Speaking Up: The Challenges to Section 501(C)(3)'s Political Activities Prohibition in a Post-Citizens United World
Posted: 26 Mar 2014 Last revised: 22 Nov 2014
Date Written: March 25, 2014
Following the Supreme Court’s decision in Citizens United v. Federal Election Commission there is still one type of corporation that cannot engage in political speech: the nonprofit corporation. Section 501(c)(3) of the Internal Revenue Code prevents nonprofit corporations that hold tax-exempt status from participating in “any political campaign on behalf of (or in opposition to) any candidate for political office.” But recent events show a growing call to reform this provision, referred to as the political activities prohibition. These events include new First Amendment developments, charities allegedly flouting the prohibition in recent elections, the 2013 IRS targeting scandal, and finally a notice of proposed rulemaking promulgated by the IRS and the Treasury Department in 2013 that could change the political activity regulations for both section 501(c)(3) and section 501(c)(4) organizations.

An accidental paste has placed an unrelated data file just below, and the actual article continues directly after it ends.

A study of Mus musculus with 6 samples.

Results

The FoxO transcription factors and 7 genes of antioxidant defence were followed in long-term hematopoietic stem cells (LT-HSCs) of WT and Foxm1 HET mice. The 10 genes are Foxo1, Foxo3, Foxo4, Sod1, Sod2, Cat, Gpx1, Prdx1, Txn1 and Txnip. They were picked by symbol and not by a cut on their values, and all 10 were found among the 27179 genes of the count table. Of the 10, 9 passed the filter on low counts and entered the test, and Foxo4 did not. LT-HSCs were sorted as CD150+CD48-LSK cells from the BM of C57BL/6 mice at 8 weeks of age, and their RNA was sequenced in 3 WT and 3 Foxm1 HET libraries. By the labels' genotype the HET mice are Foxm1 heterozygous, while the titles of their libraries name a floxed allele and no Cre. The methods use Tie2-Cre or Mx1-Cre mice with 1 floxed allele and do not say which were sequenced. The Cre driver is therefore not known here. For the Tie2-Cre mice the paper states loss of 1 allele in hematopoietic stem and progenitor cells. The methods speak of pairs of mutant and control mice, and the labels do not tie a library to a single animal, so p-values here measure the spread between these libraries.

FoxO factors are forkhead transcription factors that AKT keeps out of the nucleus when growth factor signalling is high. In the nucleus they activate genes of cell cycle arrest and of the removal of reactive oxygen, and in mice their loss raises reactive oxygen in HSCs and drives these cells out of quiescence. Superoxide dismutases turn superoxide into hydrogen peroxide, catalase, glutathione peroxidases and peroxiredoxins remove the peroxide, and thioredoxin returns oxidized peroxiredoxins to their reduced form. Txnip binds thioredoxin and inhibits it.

This Note responds to these recent events and discusses the purpose and structure of the political activities prohibition, both within section 501(c)(3) and in connection with section 501(c)(4). The Note then examines different constitutional challenges to the political activities prohibition, including First Amendment and selective prosecution challenges stemming from the IRS’ alleged haphazard enforcement of the prohibition. This Note concludes that the political activities prohibition should not be eliminated, but advocates implementing several laws and agency policies to ensure even enforcement of the prohibition.